Throwing a big holiday party is part of the Bay Area tech culture. Sure, companies across the country throw holiday gatherings, but the bar is a lot higher in tech. My friends in other cities have a very different experience.

The idea behind a holiday party makes perfect sense. It’s a festive time of year and the year is coming to an end. Celebrate the progress with your peers. Maybe there’s a dinner or a social gathering at a nearby venue.

In tech, this experience is easily executed by startups, and the outcome is likely a great event. For bigger companies over a few hundred employees, they hit a scaling problem. Adding in dates, a quaint holiday party becomes a massive operation.

If a company has 500 employees in a location, that’s 1000 people to plan for. That’s bigger than a lot of conferences! You need a venue to fit everyone, catering that can feed everyone, and a massive operations team. No longer is this a quaint party.

Now factor in the guest experience. Let’s say you only actually know 100 people at your company well enough to socialize with at a party. Factoring in dates, here’s the percentage of people you’d know at a party:

With more scale, the “intimate” holiday party becomes no different than a public event. Surrounded by strangers, the only people you know are your date and others who you traveled with. The bigger the party, the odds of even seeing any of those 100 people start to plummet.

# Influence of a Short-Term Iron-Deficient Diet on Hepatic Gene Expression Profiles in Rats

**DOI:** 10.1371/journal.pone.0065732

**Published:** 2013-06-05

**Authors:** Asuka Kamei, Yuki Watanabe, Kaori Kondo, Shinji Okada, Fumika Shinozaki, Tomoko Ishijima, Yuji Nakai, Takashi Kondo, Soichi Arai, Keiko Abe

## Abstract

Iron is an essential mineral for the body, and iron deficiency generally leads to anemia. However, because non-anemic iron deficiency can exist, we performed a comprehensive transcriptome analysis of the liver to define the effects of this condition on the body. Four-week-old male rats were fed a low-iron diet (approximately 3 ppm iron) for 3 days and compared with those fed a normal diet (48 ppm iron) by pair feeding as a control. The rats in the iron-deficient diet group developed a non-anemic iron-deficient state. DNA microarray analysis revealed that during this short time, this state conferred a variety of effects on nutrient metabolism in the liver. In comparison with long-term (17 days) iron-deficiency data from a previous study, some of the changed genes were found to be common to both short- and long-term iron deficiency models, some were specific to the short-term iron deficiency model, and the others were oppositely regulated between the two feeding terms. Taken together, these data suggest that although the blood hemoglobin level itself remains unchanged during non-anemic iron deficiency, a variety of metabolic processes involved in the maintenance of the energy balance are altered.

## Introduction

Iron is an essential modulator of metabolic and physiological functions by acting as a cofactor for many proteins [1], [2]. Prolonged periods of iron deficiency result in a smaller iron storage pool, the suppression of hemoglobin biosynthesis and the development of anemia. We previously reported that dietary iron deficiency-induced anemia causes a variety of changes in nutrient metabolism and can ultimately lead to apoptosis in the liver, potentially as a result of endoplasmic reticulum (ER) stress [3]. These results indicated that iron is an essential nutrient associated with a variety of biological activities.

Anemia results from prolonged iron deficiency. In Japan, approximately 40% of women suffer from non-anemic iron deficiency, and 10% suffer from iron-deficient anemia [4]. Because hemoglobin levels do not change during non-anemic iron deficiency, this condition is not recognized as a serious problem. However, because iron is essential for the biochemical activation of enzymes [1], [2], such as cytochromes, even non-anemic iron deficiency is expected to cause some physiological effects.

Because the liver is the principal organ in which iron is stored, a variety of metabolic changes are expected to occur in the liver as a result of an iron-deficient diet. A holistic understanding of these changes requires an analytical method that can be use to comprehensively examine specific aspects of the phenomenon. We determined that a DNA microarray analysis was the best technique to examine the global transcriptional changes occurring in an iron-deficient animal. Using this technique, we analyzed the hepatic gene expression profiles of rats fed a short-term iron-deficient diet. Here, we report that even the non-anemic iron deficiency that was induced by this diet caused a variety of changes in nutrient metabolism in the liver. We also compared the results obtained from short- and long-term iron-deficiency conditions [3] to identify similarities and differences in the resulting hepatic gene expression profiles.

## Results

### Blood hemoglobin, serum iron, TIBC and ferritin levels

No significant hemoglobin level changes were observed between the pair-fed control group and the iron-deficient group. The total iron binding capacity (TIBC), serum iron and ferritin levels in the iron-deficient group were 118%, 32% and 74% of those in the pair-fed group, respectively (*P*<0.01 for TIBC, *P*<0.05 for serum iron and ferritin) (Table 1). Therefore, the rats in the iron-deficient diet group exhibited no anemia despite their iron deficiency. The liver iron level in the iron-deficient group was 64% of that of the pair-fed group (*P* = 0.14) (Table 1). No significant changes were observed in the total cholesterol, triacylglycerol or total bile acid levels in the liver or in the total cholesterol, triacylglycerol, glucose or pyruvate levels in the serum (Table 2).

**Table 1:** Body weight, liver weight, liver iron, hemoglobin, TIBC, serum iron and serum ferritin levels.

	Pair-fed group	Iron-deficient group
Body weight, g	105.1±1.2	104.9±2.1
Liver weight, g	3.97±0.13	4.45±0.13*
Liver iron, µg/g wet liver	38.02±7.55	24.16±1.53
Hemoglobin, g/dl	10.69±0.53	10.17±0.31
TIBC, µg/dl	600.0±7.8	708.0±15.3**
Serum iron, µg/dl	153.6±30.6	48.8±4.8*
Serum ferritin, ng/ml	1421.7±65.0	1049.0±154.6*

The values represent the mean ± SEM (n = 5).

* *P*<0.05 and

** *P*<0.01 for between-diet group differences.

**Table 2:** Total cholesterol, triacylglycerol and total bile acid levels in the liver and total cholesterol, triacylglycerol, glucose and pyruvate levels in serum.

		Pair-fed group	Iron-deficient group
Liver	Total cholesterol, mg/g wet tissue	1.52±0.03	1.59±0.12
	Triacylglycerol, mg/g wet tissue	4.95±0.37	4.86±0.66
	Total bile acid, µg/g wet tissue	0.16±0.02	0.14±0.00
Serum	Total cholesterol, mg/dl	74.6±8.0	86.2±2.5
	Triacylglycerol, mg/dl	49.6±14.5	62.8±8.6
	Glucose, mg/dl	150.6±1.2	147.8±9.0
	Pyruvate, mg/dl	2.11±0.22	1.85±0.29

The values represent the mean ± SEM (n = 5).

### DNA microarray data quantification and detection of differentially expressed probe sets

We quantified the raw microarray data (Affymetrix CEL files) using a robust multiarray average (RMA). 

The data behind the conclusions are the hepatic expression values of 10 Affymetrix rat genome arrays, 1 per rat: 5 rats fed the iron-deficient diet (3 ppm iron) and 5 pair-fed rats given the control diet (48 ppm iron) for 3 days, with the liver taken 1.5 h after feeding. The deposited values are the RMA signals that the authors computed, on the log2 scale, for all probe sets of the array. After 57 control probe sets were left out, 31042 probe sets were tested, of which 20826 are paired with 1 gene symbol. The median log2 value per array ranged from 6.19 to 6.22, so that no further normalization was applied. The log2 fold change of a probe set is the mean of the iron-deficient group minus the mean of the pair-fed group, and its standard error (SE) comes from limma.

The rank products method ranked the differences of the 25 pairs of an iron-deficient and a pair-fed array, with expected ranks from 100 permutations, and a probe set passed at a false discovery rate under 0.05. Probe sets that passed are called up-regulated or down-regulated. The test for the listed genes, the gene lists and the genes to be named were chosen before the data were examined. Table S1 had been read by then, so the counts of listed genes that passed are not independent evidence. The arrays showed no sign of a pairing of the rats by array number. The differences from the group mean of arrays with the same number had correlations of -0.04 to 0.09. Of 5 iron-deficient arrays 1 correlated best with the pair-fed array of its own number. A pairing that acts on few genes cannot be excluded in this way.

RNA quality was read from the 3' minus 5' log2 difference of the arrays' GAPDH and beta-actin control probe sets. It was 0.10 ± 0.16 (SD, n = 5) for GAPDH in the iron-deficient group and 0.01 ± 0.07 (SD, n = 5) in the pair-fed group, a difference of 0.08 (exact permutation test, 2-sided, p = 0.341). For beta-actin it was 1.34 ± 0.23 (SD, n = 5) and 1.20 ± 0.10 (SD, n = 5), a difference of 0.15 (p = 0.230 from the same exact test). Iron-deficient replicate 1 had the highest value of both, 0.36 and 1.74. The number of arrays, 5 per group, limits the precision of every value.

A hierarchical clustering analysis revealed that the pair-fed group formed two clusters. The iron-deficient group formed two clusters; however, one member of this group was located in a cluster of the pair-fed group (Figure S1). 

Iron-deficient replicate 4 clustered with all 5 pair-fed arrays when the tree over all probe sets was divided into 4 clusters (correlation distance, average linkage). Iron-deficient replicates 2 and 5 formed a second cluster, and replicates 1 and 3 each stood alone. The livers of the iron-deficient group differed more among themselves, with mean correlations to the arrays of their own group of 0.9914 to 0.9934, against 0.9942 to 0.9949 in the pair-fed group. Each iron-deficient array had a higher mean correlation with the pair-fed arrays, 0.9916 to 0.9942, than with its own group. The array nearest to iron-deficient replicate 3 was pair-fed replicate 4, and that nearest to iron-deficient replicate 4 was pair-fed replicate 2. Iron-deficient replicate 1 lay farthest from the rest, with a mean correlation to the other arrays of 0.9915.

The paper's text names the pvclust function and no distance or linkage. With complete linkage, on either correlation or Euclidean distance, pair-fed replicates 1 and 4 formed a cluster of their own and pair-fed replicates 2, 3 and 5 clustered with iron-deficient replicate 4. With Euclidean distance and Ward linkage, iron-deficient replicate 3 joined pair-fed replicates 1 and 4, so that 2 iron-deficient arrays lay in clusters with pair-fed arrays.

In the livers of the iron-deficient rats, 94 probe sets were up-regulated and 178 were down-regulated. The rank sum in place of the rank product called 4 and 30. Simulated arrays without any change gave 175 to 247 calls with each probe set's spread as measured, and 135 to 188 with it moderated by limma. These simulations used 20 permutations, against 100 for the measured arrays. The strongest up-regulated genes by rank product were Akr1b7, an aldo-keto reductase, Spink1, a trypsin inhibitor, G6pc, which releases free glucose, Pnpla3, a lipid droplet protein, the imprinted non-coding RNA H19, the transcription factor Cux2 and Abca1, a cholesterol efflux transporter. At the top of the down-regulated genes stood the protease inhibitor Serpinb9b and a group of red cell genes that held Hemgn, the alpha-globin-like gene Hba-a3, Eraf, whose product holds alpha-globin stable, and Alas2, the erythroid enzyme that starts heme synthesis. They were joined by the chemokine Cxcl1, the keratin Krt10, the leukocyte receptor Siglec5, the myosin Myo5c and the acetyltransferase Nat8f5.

You can be the most outgoing and social person, but at some point, the scale of numbers will win out. A party where you don’t know anyone is boring. I have been to a couple and know they’re not for me.

Here’s something for me to think about. When I do a company, I should consider a cutoff point for a holiday party. As in, if the company ever hits a certain size, deliberately do something different instead of a massive party. The intention is right, but the experience doesn’t scale. I wouldn’t want to throw a lame party!